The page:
Not many new dog owners are aware of the fact that their dog has anal glands... until that typical fishy smell pops out of nowhere leaving the owners baffled about where it is coming from. Indeed, the dog's anal glands are technically ''scent glands',' their primary function is to mark territory and to give each dog a particular smell unique to each dog. When your dog meets another dog in fact the first thing they will both do is smell each other's anal glands. This is the equivalent of humans shaking hands even though quite unorthodox. This simple smelling will tell each dog a lot about each other.

The anal glands are found at the 5 o' clock and 7 o'clock position of the rectal area. Both glands contain a fluid that is normally secreted when the dog has a bowel movement. However, in some cases a dog may develop problems in successfully emptying them. It could be that the dog's feces are too soft and therefore, their passage is unable to adequately empty them.

When this happens, the glands get over full and the dog will feel uncomfortable. Many times, dogs may be ''scooting'', in other words, dragging their rectal area against the carpet in an effort to empty the glands themselves. This may be effective and owners will know the dog was successful once they get a whiff of that strong and foul fishy odor.

The glands can be emptied by a groomer, a veterinarian or the owner may learn how to empty them themselves. In normal circumstances, the glands are easy to empty, they will secrete a liquid yellow fluid and the dog will feel finally relieved. However, there are cases where the anal glands may become impacted or even infected.

Symptoms of Anal Gland Impaction in Dogs

In this case, the dog's anal glands are very full, the secretion is thick and the dog may have difficulty expressing them completely. Following are some symptoms of anal gland impaction:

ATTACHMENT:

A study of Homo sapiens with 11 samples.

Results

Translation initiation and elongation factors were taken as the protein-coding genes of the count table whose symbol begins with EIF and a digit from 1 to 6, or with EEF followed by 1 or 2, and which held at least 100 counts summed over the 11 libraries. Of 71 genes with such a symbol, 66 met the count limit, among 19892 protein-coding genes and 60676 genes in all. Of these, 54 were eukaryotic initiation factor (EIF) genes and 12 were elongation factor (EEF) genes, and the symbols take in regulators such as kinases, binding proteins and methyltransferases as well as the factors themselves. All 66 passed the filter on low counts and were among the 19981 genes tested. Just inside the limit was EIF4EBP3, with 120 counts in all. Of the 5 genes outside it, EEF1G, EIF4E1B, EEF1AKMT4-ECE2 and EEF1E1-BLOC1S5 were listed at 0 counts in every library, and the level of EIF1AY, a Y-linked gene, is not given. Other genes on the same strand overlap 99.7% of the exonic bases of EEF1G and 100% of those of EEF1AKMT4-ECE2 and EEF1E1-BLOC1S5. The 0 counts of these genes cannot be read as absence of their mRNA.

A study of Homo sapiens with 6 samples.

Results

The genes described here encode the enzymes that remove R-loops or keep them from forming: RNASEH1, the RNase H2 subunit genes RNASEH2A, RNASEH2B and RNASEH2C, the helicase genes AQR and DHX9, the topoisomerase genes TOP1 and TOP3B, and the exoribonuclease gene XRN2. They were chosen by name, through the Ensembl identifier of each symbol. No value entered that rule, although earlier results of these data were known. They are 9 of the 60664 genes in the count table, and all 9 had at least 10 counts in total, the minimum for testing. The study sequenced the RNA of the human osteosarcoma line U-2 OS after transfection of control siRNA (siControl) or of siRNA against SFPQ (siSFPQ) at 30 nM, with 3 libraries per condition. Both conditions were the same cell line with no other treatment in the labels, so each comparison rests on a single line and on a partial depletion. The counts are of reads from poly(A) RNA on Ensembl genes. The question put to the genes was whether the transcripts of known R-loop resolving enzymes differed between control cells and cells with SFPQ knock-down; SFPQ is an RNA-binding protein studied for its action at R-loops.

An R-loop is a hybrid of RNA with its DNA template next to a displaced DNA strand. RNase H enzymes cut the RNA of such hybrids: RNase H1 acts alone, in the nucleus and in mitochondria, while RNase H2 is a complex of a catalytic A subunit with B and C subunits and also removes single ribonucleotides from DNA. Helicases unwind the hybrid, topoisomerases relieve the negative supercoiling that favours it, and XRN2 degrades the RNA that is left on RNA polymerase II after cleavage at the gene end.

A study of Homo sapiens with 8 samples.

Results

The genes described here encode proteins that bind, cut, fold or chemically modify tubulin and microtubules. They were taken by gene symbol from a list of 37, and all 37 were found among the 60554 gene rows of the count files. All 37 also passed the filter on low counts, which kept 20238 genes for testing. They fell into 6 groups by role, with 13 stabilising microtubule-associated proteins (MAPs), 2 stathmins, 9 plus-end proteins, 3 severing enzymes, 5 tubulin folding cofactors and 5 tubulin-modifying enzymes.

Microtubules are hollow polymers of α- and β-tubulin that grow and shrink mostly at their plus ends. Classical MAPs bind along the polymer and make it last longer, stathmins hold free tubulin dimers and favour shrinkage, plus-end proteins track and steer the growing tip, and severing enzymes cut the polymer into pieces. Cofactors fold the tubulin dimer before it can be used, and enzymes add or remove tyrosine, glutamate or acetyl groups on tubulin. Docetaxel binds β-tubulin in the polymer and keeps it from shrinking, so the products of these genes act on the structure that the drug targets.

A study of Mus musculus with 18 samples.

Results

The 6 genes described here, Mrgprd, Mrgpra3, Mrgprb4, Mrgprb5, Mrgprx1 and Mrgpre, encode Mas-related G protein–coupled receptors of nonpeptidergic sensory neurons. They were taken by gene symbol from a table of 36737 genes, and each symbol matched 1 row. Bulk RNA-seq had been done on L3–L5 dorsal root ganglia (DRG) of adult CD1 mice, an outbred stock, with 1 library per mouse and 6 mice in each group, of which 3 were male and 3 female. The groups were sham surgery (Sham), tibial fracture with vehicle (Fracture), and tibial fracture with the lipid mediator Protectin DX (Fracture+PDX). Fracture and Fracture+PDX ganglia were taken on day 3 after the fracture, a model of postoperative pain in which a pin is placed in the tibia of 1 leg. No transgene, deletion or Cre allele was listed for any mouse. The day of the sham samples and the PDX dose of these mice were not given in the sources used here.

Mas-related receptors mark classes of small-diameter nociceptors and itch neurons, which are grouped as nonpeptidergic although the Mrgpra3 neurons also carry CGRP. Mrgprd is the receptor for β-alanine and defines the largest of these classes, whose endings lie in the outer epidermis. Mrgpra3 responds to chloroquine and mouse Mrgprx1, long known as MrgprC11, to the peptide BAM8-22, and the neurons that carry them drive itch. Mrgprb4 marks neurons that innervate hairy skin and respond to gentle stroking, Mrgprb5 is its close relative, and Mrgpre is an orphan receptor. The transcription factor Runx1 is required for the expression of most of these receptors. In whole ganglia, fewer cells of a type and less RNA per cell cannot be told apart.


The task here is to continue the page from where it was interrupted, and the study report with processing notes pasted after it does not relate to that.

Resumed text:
-Crying during bowel movements


-Licking anal gland area

-Sores and rashes in the dog's rear area


Anal gland impactions are treated by expressing the anal glands. This can be done routinely by a veterinarian or groomer. Owners may express their dog's anal glands as well, but they should first see how to do it correctly by having their vet perform a demonstration. The presence of blood or pus in the anal gland secretions is often indicative of an infection. Dogs with recurrent anal gland problems should be put on a high fiber diet so to allow the feces to increase in volume and express the glands as they pass through. Dogs with anal gland issues should also be put on an exercise regimen and diet if obese and underlying chronic diarrhea or constipation should be treated. In some cases, the removal of the anal glands in procedure known as ''anal sacculectomy'' is performed by experienced surgeons. This resolves the anal gland issues once and for all, however come with a risk for complications.


Jay on January 09, 2011:

Holy smokes!

When I give my Tiny a bath, he always poops out mucus. They say when the dogs are scared this is when the fluid is release, Tiny HATES baths and is very afraid. This may be why I find a big pile of mucus in the yard afterwards and I usually smell something fishy on him. I thought he just ate something disgusting. lol - Great info to know.

Katie on October 15, 2010:

I had noooo idea this even exsisted! My poor dog..he started scooting..then 2 days later I took him to the vet and found that he had a ruptured anal gland. I wish I had known about this before that happened. It's good you guys have this to educate pet owners.